NU Online News Service, Oct. 28, 2:55 p.m. EDT
Significant changes in the National Flood Insurance Program—including an end to all subsidies within five years—are being proposed by a diverse coalition organized by SmarterSafer.org.
In a letter sent this week to the legislative Joint Select Committee on Deficit Reduction, the coalition also recommends creation of a mapping council “to ensure all maps are up to date, accurate and reflect real risk.”
The letter also supports requiring the Federal Emergency Management Agency, which administers the NFIP, to examine the ability of the private sector to assist the program through reinsurance or catastrophe bonds.
It also proposes that the NFIP be streamlined and mitigation efforts strengthened.
The deficit-reduction “super committee” was created to come up with $1.5 trillion in deficit reduction measures over a 10-year period by Nov. 23.
According to an August law, if the group is unsuccessful, the funds will be taken out of existing programs, including defense appropriations, and Medicare and Medicaid.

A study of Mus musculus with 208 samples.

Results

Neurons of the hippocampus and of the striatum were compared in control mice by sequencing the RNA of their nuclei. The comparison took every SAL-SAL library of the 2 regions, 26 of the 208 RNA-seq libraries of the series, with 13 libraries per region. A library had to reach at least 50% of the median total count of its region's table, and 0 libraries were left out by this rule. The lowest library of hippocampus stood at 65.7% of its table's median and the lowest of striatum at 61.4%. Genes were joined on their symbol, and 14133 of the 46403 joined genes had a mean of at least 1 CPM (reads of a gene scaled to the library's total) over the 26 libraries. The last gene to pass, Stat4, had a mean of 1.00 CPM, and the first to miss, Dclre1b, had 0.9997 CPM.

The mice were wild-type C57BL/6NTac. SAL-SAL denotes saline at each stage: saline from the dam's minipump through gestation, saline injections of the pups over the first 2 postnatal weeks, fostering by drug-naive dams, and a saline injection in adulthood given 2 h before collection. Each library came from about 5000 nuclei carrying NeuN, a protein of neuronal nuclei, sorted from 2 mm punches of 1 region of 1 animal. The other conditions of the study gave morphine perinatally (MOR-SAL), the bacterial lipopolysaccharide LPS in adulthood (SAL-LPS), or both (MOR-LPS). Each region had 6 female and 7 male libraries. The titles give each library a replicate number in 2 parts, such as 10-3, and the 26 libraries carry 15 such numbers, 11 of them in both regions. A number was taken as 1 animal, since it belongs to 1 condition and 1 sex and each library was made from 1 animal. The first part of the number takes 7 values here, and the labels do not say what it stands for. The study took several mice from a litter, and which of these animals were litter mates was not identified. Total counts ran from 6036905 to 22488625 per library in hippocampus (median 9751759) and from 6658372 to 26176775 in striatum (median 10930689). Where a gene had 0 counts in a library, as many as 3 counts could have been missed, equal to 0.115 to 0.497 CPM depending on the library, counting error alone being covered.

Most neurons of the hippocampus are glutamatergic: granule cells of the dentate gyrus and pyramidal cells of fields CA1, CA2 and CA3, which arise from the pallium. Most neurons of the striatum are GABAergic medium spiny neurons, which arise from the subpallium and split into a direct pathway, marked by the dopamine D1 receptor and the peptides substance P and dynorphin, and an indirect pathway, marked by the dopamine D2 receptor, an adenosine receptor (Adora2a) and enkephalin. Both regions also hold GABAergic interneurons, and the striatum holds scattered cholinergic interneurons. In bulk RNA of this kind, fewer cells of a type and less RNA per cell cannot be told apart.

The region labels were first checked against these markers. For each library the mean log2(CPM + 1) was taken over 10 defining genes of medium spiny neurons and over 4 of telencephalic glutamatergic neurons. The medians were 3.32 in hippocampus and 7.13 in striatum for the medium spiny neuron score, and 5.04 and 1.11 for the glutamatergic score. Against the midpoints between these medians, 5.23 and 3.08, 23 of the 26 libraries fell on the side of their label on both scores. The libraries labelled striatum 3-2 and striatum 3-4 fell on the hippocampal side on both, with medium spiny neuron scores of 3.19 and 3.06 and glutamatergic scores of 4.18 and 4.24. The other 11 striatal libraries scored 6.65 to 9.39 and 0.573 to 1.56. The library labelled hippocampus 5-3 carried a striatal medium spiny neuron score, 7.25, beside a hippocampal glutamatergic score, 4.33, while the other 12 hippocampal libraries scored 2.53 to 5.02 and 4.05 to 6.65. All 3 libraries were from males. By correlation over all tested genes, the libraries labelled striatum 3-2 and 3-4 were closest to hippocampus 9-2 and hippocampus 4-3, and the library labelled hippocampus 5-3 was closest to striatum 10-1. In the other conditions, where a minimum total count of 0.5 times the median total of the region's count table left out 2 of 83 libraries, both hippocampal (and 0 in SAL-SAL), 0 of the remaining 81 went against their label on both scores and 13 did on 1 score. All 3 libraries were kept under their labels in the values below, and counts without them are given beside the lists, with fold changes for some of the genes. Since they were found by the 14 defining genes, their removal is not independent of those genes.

If the committee fails to agree on a package or the full Congress fails to pass it, a so-called "trigger mechanism" would enact $1.2 trillion in automatic spending cuts to serve as the second installment of cuts. These cuts would be split between national security and domestic programs, but the biggest entitlement programs would be excluded from the cuts.
The letter says that while it is only a small part of federal spending, the NFIP represents a significant cost to taxpayers.
It adds that the program is now almost $18 billion in debt, “with all indications that FEMA will never be able to pay back taxpayers.”
In fact, the letter says, “Unless significant reforms are made, we believe that taxpayers will be called on to further support this program.”
The letter says the coalition “believes that Congress could protect taxpayers and reduce inefficient federal spending by reforming NFIP.”
The coalition supports legislation passed by the House in July and the Senate Banking Committee in late September. The letter says the bills move in the right direction for reforming the NFIP.
The letter was signed by such groups as the Environmental Defense Fund and the National Wildlife Federation; Americans for Prosperity; Americans for Tax Reform; the Center on Risk, Regulation, and Markets—The Heartland Institute; and the Competitive Enterprise Institute.
Insurance groups signing on include Allianz of America; Association of Bermuda Insurers and Reinsurers; Chubb; Liberty Mutual Group; National Association of Mutual Insurance Companies; National Flood Determination Association; Reinsurance Association of America; Swiss Re and USAA.